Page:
260ml olive oil
24 garlic cloves, minced
12 onions, finely chopped (brown, yellow or white)
6kg beef mince
6 cups (1.500L) dry red wine (substitute with water or beef broth/stock)
22 beef bouillon cubes
9.6kg / 336 oz can crushed tomato (or tomato passata)
350ml tomato paste
1/3 cup white sugar (optional)
110ml Worcestershire sauce
20 dried bay leaves
20 sprigs fresh thyme (or 1/2 tsp dried thyme or oregano)
Salt & pepper
4.8 kg spaghetti, dried
Parmesan cheese and finely chopped parsley (optional)
Heat oil in a large pot or deep skillet over medium high heat. Add onion and garlic, cook for 3 minutes or until light golden and softened.
Turn heat up to high and add beef. Cook, breaking it up as your go, until browned.
Add red wine. Bring to simmer and cook for 1 minute, scraping the bottom of the pot, until the alcohol smell is gone.
Add remaining ingredients except salt and pepper. Stir, bring to a simmer then turn down to medium so it bubbles gently. Cook for 20 – 30 minutes (no lid), adding water if the sauce gets too thick for your taste. Stir occasionally.
Slow simmer option: really takes this to another level, if you have the time! Add 3/4 cup of water, cover with lid and simmer on very low for 2 – 2.5 hours, stirring every 30 minutes or so. (Note 5) Uncover, simmer 20 minutes to thicken sauce. (Note 6 for slow cooker)
Adjust salt and pepper to taste right at the end. Serve over spaghetti – though if you have the time, I recommend tossing the sauce and pasta per steps below.
TOSSING SAUCE AND SPAGHETTI (OPTIONAL, NOTE 4)
Bring a large pot of salted water to boil. Add pasta and cook per packet directions MINUS 1 minute.
Scoop out a mug of pasta cooking water and set aside, then drain the pasta.
Add pasta into the bolognese sauce with about 1/2 cup (125 ml) of reserved pasta water over medium heat. Toss gently for 1 1/2 – 2 minutes, or until the spaghetti turns red and the sauce thickens.
Divide between bowls. Garnish with parmesan and parsley if desired.
1. Meat – Some traditional slow cooked Bolognese Sauce are made with a mixture of beef and pork mince. Beef for flavour, pork for juiciness. I typically do not use this for midweek.
2. Beef stock cubes – I use Oxo Beef Cubes (Woolies & Coles). Use any beef bouillon / stock cube or in powder form (called “granulated beef bouillon” in some countries).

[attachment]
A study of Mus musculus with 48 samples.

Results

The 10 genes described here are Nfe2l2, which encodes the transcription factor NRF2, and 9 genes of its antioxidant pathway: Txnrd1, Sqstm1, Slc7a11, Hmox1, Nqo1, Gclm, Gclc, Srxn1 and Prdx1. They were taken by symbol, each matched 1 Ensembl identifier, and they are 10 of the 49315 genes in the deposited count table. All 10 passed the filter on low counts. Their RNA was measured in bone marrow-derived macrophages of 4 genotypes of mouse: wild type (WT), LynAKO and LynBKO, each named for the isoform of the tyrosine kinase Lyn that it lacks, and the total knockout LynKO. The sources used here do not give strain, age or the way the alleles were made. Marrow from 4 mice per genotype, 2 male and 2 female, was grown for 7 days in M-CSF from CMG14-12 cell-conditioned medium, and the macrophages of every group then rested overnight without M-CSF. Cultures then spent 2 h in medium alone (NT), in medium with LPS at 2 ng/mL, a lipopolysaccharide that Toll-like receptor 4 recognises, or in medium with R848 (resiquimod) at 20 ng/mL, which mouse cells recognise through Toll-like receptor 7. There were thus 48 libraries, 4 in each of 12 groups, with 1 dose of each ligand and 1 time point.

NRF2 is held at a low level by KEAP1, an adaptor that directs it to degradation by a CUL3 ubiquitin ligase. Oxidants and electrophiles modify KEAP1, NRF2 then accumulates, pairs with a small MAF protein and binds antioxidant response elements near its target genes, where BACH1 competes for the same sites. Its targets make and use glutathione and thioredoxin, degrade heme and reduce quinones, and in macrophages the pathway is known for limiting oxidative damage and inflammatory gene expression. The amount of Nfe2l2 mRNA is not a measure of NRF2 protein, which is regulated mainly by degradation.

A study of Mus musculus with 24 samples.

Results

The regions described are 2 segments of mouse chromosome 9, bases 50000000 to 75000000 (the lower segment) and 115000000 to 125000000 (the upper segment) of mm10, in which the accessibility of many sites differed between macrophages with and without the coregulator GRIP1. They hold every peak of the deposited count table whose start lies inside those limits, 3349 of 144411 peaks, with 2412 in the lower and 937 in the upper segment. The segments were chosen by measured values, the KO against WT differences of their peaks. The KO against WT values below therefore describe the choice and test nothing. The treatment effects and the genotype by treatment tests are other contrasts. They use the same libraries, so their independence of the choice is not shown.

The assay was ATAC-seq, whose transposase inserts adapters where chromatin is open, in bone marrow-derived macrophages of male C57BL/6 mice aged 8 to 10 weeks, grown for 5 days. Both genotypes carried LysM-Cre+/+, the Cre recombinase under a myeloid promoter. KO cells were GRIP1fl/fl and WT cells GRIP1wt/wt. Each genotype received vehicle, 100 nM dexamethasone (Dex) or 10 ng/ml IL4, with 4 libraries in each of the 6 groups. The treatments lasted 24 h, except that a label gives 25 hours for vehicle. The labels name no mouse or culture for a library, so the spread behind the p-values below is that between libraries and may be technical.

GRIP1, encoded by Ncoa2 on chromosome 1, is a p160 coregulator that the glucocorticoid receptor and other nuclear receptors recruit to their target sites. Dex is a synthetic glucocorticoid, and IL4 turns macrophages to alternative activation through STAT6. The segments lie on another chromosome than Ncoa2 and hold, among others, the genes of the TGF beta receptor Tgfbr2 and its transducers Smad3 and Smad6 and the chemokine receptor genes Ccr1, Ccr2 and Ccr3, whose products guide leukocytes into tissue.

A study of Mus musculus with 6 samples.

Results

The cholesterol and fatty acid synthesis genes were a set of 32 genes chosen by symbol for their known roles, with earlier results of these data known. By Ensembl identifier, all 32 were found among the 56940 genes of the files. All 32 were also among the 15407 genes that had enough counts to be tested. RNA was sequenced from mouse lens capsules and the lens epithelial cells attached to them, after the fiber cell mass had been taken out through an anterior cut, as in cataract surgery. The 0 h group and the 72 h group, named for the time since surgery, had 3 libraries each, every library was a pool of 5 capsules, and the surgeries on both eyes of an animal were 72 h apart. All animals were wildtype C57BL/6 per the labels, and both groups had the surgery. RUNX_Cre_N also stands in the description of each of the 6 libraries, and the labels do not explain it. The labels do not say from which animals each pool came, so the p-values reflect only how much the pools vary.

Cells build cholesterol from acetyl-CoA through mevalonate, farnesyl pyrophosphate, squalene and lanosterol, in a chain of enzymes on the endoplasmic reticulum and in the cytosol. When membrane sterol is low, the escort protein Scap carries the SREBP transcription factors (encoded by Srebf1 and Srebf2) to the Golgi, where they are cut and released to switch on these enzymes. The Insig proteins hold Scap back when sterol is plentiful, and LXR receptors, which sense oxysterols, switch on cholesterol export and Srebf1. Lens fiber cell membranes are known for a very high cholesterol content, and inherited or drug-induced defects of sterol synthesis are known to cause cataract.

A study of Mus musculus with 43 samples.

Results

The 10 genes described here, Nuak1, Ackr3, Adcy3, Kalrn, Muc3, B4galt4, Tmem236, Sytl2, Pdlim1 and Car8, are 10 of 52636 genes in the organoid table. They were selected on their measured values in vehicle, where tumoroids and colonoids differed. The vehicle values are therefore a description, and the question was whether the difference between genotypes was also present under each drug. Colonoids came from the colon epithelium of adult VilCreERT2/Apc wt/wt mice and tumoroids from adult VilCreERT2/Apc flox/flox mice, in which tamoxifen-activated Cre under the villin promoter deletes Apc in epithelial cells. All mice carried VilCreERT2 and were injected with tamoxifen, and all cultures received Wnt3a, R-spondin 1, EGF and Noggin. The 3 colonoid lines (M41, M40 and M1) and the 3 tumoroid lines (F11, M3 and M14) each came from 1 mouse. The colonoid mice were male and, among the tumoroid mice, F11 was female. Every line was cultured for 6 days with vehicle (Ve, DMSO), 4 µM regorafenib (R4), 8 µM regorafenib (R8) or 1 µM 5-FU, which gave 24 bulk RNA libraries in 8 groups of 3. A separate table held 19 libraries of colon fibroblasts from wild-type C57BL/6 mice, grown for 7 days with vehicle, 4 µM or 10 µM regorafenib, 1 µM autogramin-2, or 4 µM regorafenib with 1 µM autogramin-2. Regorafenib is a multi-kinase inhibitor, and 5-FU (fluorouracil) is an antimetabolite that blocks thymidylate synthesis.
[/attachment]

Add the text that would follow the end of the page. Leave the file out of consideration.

If using a powder, use 2 tsp (ie 1 tsp per 1 cube).
3. Canned tomato – Mid range canned tomato can be notoriously sour. A touch of sugar makes an incredible difference. The amount required will depend on how sweet / sour the tomatoes and tomato paste is – go by taste. Typically, the better the quality, the less sour they are so the less sugar you will need.
4. Tossing pasta sauce – See commentary in post about emulsifying the pasta sauce. This is the “proper” Italian way to cook pastas, and the way pasta is served in restaurants.
5. Slow simmer option – this is how you take a great bolognese to an incredible one that would make your Italian Nonna proud. The key here is ultra low heat – after bringing to simmer, lower heat so the surface is just gently rippling, with a few bubbles here and there. Once the lid has been on for a while, take a peek to check – because it gets hotter with the lid on. I use my smallest burner on the lowest setting.
6. Other notes:
* Scaling recipe up (use auto recipe scaler) – If you double the recipe (or more!), then brown the beef in batches. If you try to cook it in one batch, you will end up stewing it rather than browning!
* Slow cooker: This is really fantastic made in a slow cooker! The meat becomes so tender and the sauce has incredible flavour. At step 3, cook until the wine liquid disappears completely, then transfer it into the slow cooker at step 4 and cook for low for 6 hours.
* Variations: Here are some ideas for ways to take this up a notch, if you are so inclined!
– Finely chop 1 carrot + celery and saute that with the onion to make a softrito. Cook on medium low heat for 10 minutes for extra amazingness!
– Add finely chopped bacon (smokey is the ultimate!) or pancetta, cook with the onion
– 1 tbsp soy sauce (my mother did this, I sometimes do! I’ve seen it in some chef recipes)
– Fresh or dried red chilli
– Bolognese gets better the longer it is cooked, and it’s even better the next day!
7. Nutrition per serving, assuming 5 servings, including pasta.